Alexa Kolbi-Molinas,
Deputy Director, ACLU Reproductive Freedom Project
Courtney Bowie,
Racial Justice Program

Apparently, Arizona lawmakers were concerned you might not believe they were committed to fighting racism. So this week, the state of Arizona took the important step of enacting a law, the first of its kind, that seeks to protect communities of color from one of the biggest threats facing them today…women of color.

Just so we’re clear: I’m being sarcastic. The state of Arizona is not.

On March 29, the Arizona Gov. Jan Brewer signed into law the Fredrick Douglass and Susan B. Anthony Pre-Natal Non-Discrimination Act. Nice title. But what does the law actually do, you ask? How does it carry on the legacy of those who shaped history by bravely challenging the legacy of racism and sexism in this country?

It requires doctors and health care providers to monitor the reasons women of color get abortions, of course. Confused? This is what happened: The law’s proponents actually went to the state legislature and accused African-American women and women of Asian descent of systematically decimating their own communities through abortion. And if that wasn’t enough, they then invoked two heroes of the civil and women’s rights movements to ask for a law that singles out women of color to police the reasons they get abortions. All, they said, in the service of racial and gender equality. Wow, Arizona, like racial profiling much? Some supporters of the law have tried to defend themselves by saying they simply want to protect women, but these claims are flimsy, at best. Just as it is outrageous and offensive to suggest that women of color are using abortion to destroy their communities, it is equally outrageous and offensive to suggest that a woman of color is not capable of making her own health care decisions and that lawmakers need to supervise her access to abortion for her own good.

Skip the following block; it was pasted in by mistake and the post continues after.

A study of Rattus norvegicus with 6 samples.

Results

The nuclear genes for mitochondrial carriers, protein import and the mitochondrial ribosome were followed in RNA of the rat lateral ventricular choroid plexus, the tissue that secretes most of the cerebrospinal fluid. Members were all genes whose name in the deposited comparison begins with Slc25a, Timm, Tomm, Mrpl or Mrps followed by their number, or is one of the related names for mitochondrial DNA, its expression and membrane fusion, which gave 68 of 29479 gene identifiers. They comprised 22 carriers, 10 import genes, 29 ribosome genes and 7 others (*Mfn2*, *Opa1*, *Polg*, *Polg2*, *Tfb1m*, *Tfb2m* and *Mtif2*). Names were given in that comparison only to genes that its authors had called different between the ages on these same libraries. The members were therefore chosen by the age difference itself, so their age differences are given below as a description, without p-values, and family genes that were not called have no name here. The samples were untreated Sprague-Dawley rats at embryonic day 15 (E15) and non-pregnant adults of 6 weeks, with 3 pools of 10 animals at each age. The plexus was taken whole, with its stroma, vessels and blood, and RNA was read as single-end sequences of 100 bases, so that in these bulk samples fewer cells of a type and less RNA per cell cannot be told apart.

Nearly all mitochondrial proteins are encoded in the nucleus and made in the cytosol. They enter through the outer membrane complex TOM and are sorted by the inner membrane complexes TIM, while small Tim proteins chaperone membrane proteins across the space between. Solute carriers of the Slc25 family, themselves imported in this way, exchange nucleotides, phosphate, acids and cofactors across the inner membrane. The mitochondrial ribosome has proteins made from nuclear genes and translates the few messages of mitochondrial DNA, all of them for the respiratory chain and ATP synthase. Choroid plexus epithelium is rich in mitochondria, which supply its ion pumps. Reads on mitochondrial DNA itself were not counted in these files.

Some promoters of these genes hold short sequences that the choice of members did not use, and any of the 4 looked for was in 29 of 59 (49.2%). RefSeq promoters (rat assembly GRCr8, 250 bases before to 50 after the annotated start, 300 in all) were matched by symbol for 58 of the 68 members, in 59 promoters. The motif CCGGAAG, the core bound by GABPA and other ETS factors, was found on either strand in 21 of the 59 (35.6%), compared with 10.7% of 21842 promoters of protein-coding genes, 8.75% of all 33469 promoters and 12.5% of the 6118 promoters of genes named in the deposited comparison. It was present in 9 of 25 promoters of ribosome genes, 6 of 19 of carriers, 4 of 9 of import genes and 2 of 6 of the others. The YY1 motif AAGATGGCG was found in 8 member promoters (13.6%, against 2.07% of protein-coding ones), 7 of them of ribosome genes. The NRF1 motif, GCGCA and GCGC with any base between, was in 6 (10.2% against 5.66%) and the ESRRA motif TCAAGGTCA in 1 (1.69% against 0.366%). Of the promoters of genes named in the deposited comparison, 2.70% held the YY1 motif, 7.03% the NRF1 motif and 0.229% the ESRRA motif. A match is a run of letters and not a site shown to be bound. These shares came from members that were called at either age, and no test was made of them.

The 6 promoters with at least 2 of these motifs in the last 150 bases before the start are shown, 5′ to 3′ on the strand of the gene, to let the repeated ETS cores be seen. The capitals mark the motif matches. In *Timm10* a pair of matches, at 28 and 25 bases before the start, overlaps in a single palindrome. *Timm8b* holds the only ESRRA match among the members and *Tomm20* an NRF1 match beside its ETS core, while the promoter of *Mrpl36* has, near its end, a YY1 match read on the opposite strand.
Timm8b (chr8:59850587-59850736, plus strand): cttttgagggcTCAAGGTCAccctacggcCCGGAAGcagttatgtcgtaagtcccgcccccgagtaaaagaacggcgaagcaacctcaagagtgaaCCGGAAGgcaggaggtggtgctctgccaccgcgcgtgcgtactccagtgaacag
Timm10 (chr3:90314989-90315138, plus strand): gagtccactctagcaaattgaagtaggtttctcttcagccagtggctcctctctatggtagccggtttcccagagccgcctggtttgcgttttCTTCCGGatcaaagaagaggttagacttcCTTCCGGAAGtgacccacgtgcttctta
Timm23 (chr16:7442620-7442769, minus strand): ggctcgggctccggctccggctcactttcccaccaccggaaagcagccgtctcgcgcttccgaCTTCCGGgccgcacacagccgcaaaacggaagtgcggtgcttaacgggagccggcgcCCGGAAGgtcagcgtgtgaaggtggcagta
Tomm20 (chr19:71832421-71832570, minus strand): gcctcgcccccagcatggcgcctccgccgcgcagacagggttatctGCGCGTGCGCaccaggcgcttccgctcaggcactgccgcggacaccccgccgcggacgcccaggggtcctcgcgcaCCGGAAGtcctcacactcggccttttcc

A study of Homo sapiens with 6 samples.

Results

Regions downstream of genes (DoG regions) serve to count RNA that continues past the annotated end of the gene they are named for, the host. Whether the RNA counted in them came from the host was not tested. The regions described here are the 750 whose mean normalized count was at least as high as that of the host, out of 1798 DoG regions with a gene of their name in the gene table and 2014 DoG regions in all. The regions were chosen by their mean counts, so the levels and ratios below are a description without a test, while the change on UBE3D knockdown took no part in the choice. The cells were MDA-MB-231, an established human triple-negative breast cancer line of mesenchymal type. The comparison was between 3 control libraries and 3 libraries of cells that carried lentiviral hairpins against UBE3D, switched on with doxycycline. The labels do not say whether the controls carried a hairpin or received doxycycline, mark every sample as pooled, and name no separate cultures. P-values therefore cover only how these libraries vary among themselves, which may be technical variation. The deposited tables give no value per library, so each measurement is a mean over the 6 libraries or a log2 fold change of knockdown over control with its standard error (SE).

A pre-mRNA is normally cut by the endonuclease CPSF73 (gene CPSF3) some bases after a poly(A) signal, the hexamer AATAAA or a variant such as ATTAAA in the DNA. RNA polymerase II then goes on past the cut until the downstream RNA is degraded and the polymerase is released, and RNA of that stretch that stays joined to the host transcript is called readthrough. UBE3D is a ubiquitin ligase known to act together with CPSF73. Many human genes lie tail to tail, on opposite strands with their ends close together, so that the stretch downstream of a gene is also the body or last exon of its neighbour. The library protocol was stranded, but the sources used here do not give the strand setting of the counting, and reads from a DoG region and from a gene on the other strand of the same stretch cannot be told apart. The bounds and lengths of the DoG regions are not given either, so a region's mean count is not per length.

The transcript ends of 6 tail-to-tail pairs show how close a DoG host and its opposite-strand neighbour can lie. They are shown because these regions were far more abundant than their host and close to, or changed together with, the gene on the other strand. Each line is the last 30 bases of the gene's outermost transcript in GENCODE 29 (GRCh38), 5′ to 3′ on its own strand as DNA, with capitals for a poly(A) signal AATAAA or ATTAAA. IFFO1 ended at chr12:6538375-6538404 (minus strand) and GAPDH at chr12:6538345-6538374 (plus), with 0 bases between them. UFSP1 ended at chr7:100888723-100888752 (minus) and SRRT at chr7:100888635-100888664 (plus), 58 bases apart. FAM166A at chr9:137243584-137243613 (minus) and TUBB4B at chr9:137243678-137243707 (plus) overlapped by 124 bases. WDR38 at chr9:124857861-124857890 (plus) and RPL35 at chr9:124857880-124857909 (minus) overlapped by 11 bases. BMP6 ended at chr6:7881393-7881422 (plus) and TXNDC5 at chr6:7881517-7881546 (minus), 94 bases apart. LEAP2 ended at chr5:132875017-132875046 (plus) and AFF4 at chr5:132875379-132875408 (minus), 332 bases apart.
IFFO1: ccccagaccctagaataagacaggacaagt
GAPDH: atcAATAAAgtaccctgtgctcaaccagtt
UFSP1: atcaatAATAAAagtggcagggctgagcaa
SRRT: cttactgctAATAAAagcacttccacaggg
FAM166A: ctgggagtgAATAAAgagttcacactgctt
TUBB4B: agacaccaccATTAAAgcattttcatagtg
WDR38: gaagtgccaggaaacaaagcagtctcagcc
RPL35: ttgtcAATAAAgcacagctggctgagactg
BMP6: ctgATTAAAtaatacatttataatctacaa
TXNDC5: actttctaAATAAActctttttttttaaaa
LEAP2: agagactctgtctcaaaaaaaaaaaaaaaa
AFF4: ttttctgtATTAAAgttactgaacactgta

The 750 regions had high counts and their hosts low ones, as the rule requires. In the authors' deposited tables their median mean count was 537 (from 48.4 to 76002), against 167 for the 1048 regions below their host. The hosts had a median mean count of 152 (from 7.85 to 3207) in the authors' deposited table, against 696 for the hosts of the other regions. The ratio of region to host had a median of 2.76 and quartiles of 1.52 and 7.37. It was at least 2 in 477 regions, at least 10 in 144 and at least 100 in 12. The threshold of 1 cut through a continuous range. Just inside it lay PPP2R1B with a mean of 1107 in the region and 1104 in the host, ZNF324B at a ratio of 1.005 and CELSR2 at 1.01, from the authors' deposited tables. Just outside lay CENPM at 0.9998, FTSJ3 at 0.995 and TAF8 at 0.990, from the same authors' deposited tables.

It is clear that the proponents of this law are simply degrading and exploiting women of color in order to advance their larger political agenda. The real purpose of this law is to intimidate and shame a woman who decides to obtain abortion care. Attacks on the reproductive dignity and autonomy of women of color are unfortunately nothing new in this country. But what is new is to see those who would interfere with a woman’s personal, private health care decisions so shamelessly co-opting — and subverting — the language of racial and gender equality in order to undermine women’s access to reproductive health.

We may feel differently about abortion, but we should all be able to agree that a woman’s access to health services should not be limited, on the basis of her race. If Arizona lawmakers were so concerned with the health and welfare of children and communities of color, they would take any number of steps to reduce the appallingly and disparately high rates of infant and maternal mortality in the African-American community; they would increase funding to support safe schools, safe communities, and access to jobs, health care, and basic necessities like food. If they truly cared about fighting racism and sexism, they would not pass laws solely to demonize and discriminate against women of color. And they certainly wouldn’t pass some of the most extreme racial-profiling laws in the country.